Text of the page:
Monrovia Plant Savvy
design, inspiration and practical ideas from the plant experts. June 2010
simply delicious
  Dear Savvy Gardener,

Thinking about adding some edibles to your garden but not exactly sure where to start? A wise move is to plant some easy-to-grow fruiting shrubs and trees. Most are very attractive and complement an existing ornamental garden. Fruiting plants have flowers that precede the fruit; some, like citrus blossoms, are highly fragrant. Best of all, they will reward you with a bounty of delicious, organic fruit year after year, without a lot of effort on your part. One fabulous fruit that is just beginning to earn the respect it deserves is the Pomegranate . Yes, that funny-looking fruit with the rich history. It’s one of the oldest fruits known to man, plays a role in legends and lore of many cultures, and was once seen as a sign of fertility (thanks to its hundreds of seeds). More importantly, it has outstanding health benefits, is delicious and can even reduce sun damage to your skin.

Pomegranates are high in anti-oxidants – as much as three times that of green tea or red wine. Plus loads of vitamin C, niacin, potassium and fiber. Eat up!
a funny fruit with a fabulous taste
  Pomegranate flowers leafgif   bright orange flowers

In the garden, Pomegranates can be grown as a large shrub or trimmed to a small tree shape. They are loaded with brilliant orange flowers that attract hummingbirds, and those showy summer flowers give way to the delicious fruit of the Goddesses. In case you’re a bit rusty on your Greek mythology, it was poor Persephone who, when held captive by Hades, could not resist a small taste of the Pomegranate’s ruby seeds, thus condemning all of us to six months of cold, barren winters. But who could blame her? The sweet, tart juice that comes from the arils or seed coatings is magical — both in taste and health benefits.

Angel Red® Pomegranate

chew on this

Some people find Pomegranate seeds to be a bit too fibrous for their liking — but that is a problem no more with our new Angel Red® variety. It was bred to produce soft seeds that are pleasant to eat, and its juice content is much higher than other varieties. Angle Red bears its prolific, bright-red fruit in early September, before most other Pomegranates. Wonderful is a longtime favorite variety, and most used in the juice you find in the markets. It is an ideal no-fuss plant — water-wise (once established), a good firescaping choice and deer-resistant.

Sweet, juicy arils Wonderful Pomegranate

more than a juice

If you can bear it … leave a few fruits on the tree at the end of the season to feed birds into the winter. Most Pomegranates are cold hardy to Zone 7, but some, like Wonderful, can be grown in a container and brought indoors in colder climates. It’s easy to find fabulous recipes for Pomegranates online. Or just toss some seeds in a salad, atop a parfait or into a glass of champagne. (If no one is home, go ahead and stand over the sink and gnaw on the fruit, ignoring the juice running down your chin.)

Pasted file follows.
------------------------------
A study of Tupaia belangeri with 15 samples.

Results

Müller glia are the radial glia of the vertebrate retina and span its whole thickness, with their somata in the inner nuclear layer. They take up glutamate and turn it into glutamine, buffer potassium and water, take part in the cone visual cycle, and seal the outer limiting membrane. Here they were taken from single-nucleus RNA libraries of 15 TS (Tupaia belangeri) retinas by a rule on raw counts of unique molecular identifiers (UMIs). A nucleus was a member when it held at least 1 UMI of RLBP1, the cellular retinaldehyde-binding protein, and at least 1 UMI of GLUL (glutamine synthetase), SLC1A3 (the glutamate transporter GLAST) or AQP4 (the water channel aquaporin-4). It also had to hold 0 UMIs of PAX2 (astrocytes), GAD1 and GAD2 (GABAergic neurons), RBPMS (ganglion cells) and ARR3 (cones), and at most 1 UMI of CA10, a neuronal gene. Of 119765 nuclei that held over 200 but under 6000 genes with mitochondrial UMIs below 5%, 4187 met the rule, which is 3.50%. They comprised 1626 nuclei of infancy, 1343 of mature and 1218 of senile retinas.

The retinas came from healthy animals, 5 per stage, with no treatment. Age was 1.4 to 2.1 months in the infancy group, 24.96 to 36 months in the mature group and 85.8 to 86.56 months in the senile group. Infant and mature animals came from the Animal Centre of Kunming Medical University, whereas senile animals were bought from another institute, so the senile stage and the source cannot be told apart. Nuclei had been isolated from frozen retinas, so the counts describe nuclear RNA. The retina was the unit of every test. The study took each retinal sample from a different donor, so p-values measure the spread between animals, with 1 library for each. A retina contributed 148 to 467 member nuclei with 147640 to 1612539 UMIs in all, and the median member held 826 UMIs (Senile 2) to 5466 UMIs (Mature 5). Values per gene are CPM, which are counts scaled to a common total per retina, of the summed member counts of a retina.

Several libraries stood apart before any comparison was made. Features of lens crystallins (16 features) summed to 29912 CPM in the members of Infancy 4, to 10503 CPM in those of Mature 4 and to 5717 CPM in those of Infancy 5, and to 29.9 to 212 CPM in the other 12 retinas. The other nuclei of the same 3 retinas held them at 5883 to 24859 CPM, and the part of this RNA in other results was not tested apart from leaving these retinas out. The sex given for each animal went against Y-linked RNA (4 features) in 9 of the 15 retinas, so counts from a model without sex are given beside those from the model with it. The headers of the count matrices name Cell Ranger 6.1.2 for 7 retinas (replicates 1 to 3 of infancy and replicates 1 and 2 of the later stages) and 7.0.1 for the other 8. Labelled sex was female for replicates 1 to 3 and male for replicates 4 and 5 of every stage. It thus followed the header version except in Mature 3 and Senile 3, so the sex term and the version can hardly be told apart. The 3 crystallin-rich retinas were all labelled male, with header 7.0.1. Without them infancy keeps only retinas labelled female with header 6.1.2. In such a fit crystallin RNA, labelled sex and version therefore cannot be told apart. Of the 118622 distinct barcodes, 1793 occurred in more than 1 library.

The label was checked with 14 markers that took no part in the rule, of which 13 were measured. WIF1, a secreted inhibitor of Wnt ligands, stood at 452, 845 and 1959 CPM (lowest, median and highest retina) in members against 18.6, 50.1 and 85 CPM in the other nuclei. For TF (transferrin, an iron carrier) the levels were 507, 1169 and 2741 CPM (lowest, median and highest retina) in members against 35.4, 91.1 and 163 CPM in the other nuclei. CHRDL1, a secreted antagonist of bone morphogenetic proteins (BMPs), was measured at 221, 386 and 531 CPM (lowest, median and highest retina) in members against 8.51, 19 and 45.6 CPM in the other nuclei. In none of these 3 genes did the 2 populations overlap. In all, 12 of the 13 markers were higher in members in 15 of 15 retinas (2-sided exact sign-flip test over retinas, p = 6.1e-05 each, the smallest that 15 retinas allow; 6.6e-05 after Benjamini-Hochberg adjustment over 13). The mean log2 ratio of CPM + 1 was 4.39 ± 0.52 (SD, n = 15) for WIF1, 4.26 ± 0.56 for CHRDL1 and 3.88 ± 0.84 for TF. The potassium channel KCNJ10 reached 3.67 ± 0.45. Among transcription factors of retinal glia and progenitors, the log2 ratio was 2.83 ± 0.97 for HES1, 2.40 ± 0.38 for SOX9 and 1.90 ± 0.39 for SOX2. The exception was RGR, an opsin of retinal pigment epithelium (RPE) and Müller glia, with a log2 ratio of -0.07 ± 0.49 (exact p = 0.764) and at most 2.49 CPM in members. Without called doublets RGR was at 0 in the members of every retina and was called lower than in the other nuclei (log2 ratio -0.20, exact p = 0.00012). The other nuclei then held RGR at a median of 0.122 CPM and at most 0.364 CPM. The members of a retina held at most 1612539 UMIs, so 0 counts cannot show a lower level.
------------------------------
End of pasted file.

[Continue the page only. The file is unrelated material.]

Flame Seedless Grape Black Jack Fig

"with September’s moon...

…the grape and fig are ready,” according to an old Venetian proverb. Plant now and you can also enjoy these delicious fruits in the fall. Grape vines will grow quickly to climb a wall, trellis or arbor. Three North America native, cold hardy varieties to try are Niagra, with its big yellow green fruit that is oh so sweet; Catawba , with purple-red berries that ripen later in the season; and Delaware, a luscious, red dessert grape that is ready to harvest in the early mid-season.

Fresh Figs are expensive and sometimes hard to find — so grow your own. Fig trees are water-wise and fuss-free. Try Black Jack, with its deep purple, very sweet fruit and semi-dwarf form, ideal for where space is limited; Brown Turkey, which fruits twice a year; or Peter’s Honey , named for its sugary goodness.

Create a wall of foliage on your deck


A trend we love is growing plants on a wall — not vines that climb up, but with containers that let you plant whatever you want, indoors or out. Do an online search for living wall and you’ll find some fabulous planters you can make yourself, or that are ready to hang, like Woolly Pockets or Plants on Walls. You can hang them near your kitchen door and fill with herbs and small edibles. No more excuses if you have a small yard or balcony — these can double your gardening space.

From cinder block to garden wall in no time. Plant succulents for a water-wise wall

growing up

In Monrovia’s display gardens, we planted a fabulous foliage shade garden on one side of a wall, choosing plants with great color and texture. We included bright Golden Japanese Forest Grass; blue spiky Little Rev™ Flax Lily; and Silver Scrolls Coral Bells , with its slivery purple leaves. On the sunny side of the wall, we created a cottage look with flowering Daylilies, Princess Lilies and Blue and Gold Spiderwort. Vines like Clematis will trail down the wall with a profusion of blooms. Constance Alpine has a pretty lavender double flower. Give it a try and see how you can drive your plants up a wall!